The Washington Post adds itself to the growing chorus of critics of the Obama administration's handling of Umar Farouk Abdulmutallab after his botched bombing attempt on Christmas Day. And, in what should be a worrisome sign to the White House, the Post editorial reverses their previous endorsement of the decision to charge Abdulmutallab as a criminal: "Whether to charge terrorism suspects is a judgment call. We originally supported the administration's judgment in the Abdulmutallab case, assuming that it had been made after due consideration. But the decision to try Mr. Abdulmutallab turns out to have resulted not from a deliberative process but as a knee-jerk default to a crime-and-punishment model."
The Post also breaks some news in the editorial. In hearings on Wednesday, four senior counterterrorism officials -- including Dennis Blair, the Director of National Intelligence -- acknowledged that they hadn't been consulted on the decision to try Abdulmutallab as a criminal. It was a stunning disclosure -- something that would have immediately been a major scandal but for the fact that it took place less than 24 hours after one of the most stunning political upsets in recent American history.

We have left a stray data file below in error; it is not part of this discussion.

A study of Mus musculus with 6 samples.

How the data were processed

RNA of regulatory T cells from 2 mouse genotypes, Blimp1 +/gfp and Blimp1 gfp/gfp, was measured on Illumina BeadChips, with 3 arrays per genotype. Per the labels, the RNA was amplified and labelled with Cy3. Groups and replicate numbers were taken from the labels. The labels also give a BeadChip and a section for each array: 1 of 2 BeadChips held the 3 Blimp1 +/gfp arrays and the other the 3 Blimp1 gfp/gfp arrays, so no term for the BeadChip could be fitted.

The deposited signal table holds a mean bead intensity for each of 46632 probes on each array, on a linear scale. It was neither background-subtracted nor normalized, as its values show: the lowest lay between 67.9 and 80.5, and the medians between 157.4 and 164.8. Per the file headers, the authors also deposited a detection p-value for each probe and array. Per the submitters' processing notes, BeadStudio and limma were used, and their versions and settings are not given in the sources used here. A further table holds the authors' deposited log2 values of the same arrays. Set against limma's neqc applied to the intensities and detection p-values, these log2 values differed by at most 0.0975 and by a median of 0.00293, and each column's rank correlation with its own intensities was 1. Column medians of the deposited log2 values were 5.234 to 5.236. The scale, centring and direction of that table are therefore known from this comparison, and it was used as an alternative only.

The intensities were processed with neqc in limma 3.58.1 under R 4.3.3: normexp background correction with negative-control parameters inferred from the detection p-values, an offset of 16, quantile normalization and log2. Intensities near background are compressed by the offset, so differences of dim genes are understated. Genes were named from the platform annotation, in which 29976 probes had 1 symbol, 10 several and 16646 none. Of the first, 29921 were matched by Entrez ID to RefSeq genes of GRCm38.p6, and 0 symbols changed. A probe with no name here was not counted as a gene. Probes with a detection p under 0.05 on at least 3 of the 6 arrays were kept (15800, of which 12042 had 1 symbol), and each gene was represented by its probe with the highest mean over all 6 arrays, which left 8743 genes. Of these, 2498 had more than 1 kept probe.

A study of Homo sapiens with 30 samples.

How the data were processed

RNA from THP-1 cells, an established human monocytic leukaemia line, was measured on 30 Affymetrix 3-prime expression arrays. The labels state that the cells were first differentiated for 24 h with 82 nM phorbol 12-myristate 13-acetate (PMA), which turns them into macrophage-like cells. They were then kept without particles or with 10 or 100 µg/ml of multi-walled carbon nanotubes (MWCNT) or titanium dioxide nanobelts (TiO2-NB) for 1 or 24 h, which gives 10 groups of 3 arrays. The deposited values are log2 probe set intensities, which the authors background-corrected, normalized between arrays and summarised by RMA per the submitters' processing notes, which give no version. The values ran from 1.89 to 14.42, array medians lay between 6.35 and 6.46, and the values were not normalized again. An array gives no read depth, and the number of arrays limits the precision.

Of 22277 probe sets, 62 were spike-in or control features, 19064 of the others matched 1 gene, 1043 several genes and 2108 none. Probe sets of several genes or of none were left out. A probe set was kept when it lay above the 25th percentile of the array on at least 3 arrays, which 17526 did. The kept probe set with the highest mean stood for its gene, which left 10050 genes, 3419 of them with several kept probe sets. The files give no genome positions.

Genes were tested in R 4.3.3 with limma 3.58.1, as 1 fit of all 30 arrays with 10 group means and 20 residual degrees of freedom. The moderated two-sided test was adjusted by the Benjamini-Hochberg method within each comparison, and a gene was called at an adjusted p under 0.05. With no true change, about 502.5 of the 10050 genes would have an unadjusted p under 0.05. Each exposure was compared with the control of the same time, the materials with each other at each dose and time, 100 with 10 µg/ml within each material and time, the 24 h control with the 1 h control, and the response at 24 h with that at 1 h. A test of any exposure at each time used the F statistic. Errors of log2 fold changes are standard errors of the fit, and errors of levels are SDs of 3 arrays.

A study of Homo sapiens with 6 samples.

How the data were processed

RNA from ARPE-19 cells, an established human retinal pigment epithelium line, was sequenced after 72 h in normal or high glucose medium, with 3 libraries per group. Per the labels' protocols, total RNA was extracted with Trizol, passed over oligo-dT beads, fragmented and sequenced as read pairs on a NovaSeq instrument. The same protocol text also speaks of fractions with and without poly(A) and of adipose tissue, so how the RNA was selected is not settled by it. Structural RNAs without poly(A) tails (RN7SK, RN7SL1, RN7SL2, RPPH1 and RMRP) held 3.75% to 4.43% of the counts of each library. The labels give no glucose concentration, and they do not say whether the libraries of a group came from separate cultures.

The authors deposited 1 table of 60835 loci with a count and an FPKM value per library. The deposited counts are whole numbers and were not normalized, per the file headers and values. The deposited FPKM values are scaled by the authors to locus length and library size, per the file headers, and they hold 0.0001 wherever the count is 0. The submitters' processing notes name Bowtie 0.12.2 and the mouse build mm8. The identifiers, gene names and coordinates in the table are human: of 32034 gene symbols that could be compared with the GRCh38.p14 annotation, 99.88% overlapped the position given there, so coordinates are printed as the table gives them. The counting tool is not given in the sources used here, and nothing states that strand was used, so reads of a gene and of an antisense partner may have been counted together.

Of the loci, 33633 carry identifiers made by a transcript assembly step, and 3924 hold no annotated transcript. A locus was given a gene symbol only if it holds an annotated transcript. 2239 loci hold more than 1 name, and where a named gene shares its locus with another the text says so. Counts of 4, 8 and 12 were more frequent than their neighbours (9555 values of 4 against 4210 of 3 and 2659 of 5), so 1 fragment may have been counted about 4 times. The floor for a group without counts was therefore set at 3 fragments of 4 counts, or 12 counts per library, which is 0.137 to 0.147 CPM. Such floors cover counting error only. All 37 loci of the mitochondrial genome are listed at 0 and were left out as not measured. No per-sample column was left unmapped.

The Obama administration, no doubt sensitive to the criticism of its incompetence, appears to have pushed back. The Post editorial includes this nugget: "Some intelligence officials, including personnel from the Office of the Director National Intelligence, were included in briefings by the Justice Department before Mr. Abdulmutallab was charged." The Post editorial goes on to report that the meetings presented an opportunity to debate the main issue -- detention vs. prosecution -- and laments that no one apparently took the opportunity to question the reflexive decision to prosecute.
There is another problem with those sessions. They almost certainly took place after the decision to Mirandize Abdulmutallab -- which was the point at which he stopped talking. Indeed, a Post news piece reported that Abdulmutallab was Mirandized the same night he was captured -- Christmas Day -- a fact confirmed to TWS by Senator Jeff Sessions, the ranking Republican on the Senate Judiciary Committee. And two other sources told TWS that none of the intelligence the U.S. intelligence community had on Abdulmutallab -- from the intercepts to information provided by his father -- was used in his brief, two-hour interview with FBI "agents on the ground."
So while it's troubling that no one questioned the decision to prosecute at these Justice Department sessions, the larger concern is that those briefings likely took place after Abdulmutallab had stopped talking.